Metallic-coated horses - the Akhal-Teke
Most authorities cite the Akhal-Teke as having descended from the now-extinct Turkmene horse. It is highly regarded in its home country of Turkmenistan and is gaining an enviable reputation elsewhere too. Historically it is a true horse of the desert and comes from an arid region with vast expanses of steppes and deserts. In common with other desert bred horses such as the Arabian, the skin is very fine as is the coat. It has incredible endurance and toughness as do so many of the oriental breeds.
The Akhal-Teke has some very unique features. Many have a highly sought metallic sheen to the coat. This feature is the result of the structure of the hairs of the coat. Each hair strand has a core and a medulla. The core is opaque and, in the Akhal-Teke, is either reduced in size or absent. This means the medulla is of great width than normal. Light passes through the medulla and is refracted resulting in a metallic shimmer. The amount of sheen varies according to the colour.
The Akhal-Teke may be any colour. The archetypal golden colours (bulanaya in Russian) may be buckskin, dun or bay based. Some of these gleam in the sun like a newly minted coin and are very striking. Not all have a dorsal stripe down the spine. Some have visible stripes which are lighter than the mane and tail. Most duns have black manes and tails. A blue or even purple shimmer occurs on black horses. These are called voronaya in Russian. Cremellos (isabellas in Europe) and perlinos are more common than liver chestnuts and grullas. The grulla has a black base under a dun-derivative shade. These are often described as mouse- or slate grey or smoky-blue. The head is dark. Unlike greys, these colours will not lighten with age.
There is some discrepancy between countries regarding the term isabella. In the United States, a horse of a light palomino colour may be termed an isabella, while in Europe and Russia, an isabella may be cremello or perlino. A cremello has pink skin, blue eyes and a base colour of chestnut while a perlino also has pink skin, blue eyes but the base colour is bay. The perlino has darker colouring in the tail and often on the legs. These coats may have such brilliance that they may actually glow in the dark.
The perlino and cremello may actually glow in the dark. Both have blue eyes but the perlino has darker shading in the tail and often on the legs.
Bays come in some striking shades and may glitter with red and gold. Also seen occasionally is a mahogany bay with black tips to the hair. Palominos from light to dark are seen and generally have long stockings and a lot of white on the faces. There may also be a white patch on the stomach.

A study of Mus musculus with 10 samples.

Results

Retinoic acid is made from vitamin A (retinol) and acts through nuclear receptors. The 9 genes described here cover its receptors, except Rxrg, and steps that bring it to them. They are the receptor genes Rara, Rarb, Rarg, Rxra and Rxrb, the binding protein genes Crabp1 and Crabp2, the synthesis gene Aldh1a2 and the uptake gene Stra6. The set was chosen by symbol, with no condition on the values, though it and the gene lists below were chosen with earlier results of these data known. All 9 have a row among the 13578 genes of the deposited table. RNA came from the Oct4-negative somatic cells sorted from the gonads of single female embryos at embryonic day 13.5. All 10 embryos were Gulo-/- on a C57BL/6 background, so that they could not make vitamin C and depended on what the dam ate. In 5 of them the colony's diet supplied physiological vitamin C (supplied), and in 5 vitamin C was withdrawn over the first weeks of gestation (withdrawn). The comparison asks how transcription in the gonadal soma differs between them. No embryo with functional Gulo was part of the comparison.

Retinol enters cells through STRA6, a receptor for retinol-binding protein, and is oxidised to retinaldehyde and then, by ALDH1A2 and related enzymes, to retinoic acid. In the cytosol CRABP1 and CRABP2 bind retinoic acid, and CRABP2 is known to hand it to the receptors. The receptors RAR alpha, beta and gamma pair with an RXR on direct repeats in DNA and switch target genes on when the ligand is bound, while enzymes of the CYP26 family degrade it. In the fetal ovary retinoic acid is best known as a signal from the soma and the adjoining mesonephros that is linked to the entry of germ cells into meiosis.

This breed is elegant but does not always conform to western ideals of conformation. Originally an oriental breed, he is the ultimate athlete, hard and tough. The second thigh has virtually no muscle causing him to be 'split up behind'. The head carriage is usually very high. Akhal-Tekes range from 14.3 to 16 hands. He is taller than he is long. The head and body are narrow and the ears long and slim. The eyes are almond-shaped and may be hooded. He has a straight or slightly convex profile. The nostrils are large, the throat fine and the neck long and slim. The prominent withers ease into sloping shoulders. The chest is narrow. The girth is deep giving plenty of room for heart and lungs. The mane and tail may be thin and wispy with little or no forelock. The legs are fine with large joints and no feathering above small, hard hooves. Long sloping pasterns give a smooth, elastic ride. The cannons are short and composed of good, hard, dense bone.
The Akhal-Teke is excitable and can be stubborn and rebellious. The breed is the national emblem of Turkmenistan and is greatly revered by the nation. The culture of the people embraces racing and horses are sometimes gifted to distinguished visitors. The relative isolation of the area has helped maintain the purity of the breed. The status of a family was judged by the number and quality of their horses.
In 1935, the Turkmenistans were desperate to convince Joseph Stalin of the worth of the breed as they were in danger of extinction. A group of Akhal-Tekes was ridden form Ashgabat to Moscow, covering 2500 miles from Ashgabat to Moscow in 84 days. The journey included 235 miles of desert which they crossed in three days with very little water. The ride was repeated in 1988.
The first stud book was printed in 1941. As the highly individual Akhal-Teke is increasingly used in international competitive sports, the breed is likely to change to better suit western conformation ideals. The Trakehner and several Russian breeds have been influenced by the Akhal-Teke. This unique and exotic breed will no doubt be seen more and more on the international equestrian circuit.